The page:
Last weekend I arranged to go to the cinema with Soda Farl. Here at Titter of Wit Street we are all members of the Picturehouse which means we get a small discount at all their cinemas. There is one within walking distance of here and one opposite where I work. The film we were supposed to go to was Django Unchained. (Traybake refused to go as he is boycotting Tarantin0 these days - I am not sure why - perhaps not enough about Marx in his movies.)
On Saturday morning I attempted to book tickets. After much frantic texting we finally settled on a time. SF who is an incredibly pernickety man in some respects refuses to sit any closer to the screen than the 11th row back and prefers an aisle seat being slightly taller than the normal man. This proved to be impossible as there were only ten rows of seats in the auditorium. After more texting and telephoning SF decided we should go to Lincoln instead. More texting ensued. There were some seats sufficiently far back but no two seats together. SF gave up.I didn't and decided to go on my own.
I have always enjoyed going to the cinema by myself. The first time I did it I was 17 and I went to the fleapit in our local town. I felt like the most sophisticated person ever - independent, intellectual, insouciant - but I'm sure if anyone noticed me they thought - friendless, stood-up. During one term at university, while other people were doing sport on a Wednesday afternoon, I spent my Wednesday afternoons in a huge cinema with half a dozen other people also on their own, watching a season of 1970s American films.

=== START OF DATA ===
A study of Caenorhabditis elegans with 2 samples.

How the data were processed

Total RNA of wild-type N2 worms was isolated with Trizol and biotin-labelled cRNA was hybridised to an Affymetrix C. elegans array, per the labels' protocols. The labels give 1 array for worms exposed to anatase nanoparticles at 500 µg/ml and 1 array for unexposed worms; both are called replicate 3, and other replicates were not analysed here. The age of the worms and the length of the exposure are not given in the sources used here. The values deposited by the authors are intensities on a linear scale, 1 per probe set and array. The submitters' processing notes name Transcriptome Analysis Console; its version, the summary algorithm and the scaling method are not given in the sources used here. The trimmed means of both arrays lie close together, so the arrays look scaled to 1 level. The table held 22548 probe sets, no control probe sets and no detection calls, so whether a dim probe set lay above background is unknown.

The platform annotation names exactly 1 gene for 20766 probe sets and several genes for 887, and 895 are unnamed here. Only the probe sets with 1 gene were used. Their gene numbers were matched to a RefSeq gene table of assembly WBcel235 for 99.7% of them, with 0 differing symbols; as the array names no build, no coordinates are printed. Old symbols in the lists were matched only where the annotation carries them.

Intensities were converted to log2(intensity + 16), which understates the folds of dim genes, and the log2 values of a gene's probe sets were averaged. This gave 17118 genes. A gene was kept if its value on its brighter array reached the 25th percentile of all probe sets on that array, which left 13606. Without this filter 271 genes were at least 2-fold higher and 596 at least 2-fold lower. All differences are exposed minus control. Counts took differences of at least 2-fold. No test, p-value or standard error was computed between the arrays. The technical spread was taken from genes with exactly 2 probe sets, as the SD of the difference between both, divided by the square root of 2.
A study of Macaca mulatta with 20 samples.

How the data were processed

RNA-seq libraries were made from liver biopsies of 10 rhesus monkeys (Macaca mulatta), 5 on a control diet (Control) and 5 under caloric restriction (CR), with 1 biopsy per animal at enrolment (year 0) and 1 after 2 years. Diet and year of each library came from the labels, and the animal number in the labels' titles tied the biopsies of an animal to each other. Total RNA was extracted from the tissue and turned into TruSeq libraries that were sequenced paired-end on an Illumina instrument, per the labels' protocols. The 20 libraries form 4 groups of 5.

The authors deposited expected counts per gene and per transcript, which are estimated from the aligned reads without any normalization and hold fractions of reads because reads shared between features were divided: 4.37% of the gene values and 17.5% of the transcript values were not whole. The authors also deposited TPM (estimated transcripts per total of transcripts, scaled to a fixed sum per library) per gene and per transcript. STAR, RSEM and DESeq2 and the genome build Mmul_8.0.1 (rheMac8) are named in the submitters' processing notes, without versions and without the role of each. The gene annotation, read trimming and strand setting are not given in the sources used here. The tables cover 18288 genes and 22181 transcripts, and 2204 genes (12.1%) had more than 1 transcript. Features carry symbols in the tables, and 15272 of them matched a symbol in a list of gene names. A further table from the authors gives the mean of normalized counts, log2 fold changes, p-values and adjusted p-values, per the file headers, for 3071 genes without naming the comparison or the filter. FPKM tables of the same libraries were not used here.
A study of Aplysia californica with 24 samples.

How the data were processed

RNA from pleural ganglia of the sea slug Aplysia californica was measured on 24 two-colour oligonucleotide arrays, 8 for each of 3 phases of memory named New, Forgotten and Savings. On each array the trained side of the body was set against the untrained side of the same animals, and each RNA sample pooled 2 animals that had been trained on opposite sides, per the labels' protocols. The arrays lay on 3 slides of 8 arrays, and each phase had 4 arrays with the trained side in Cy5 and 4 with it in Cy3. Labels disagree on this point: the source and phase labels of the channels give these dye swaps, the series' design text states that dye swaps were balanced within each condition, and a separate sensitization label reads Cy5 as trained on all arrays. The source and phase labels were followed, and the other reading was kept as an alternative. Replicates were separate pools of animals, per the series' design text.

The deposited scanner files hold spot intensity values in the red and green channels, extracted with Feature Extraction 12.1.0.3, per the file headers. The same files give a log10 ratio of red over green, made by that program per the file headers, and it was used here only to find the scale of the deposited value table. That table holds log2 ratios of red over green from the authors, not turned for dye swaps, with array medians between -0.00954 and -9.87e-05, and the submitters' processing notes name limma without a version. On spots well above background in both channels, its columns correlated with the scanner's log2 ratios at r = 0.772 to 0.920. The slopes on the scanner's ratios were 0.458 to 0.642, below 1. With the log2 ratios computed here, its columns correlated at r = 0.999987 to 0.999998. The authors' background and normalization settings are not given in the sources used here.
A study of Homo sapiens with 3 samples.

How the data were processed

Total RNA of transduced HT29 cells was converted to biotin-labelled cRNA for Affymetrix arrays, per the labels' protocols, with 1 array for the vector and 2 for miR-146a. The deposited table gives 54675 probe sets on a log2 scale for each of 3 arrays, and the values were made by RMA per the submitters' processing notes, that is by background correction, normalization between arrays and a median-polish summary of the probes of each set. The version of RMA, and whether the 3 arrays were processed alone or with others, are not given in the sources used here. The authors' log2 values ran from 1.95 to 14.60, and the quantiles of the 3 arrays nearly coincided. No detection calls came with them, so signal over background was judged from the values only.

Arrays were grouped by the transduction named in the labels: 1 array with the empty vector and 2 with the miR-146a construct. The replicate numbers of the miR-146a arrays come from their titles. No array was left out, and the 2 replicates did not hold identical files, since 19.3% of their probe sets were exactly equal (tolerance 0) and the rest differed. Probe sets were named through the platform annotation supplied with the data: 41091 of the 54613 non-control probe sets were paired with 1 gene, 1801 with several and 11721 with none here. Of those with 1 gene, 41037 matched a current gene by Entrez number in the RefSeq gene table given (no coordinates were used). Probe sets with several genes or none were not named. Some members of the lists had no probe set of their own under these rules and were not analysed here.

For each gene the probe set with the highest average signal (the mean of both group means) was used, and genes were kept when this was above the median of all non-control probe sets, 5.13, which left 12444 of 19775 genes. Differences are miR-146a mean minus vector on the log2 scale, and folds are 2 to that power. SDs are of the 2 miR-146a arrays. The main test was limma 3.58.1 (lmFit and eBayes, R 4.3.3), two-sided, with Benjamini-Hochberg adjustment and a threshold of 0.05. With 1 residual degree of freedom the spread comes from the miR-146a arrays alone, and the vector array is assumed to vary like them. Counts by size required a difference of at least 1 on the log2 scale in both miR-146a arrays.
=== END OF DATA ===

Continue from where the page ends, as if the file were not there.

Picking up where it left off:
So Lincoln. Well it wasn't as schlocky as I thought it would be apart from one scene right at the beginning. I found it compelling and unlike many people didn't mind that it was like a history lesson as my knowledge of this period of American history is pretty limited. There was possibly the odd bit of clunky exposition,
"...... here comes some Democrats, who don't suppport emancipation.."
but to be honest I needed it explained to me.
Daniel Day-Lewis spoke really quietly and I assumed this was the way Lincoln spoke however when I saw the BAFTAs last week I realised this is actually the way DDL speaks in real life.
The settings and costume design were excellent.
Spoiler coming up (but only if you are as shamefully stupid as me)!
Due to my complete ignorance I couldn't remember at what point Lincoln was killed and whether it was him or some other president who was shot while at the theatre.
Overall I really enjoyed and was very relieved that there were no scenes of group snogs.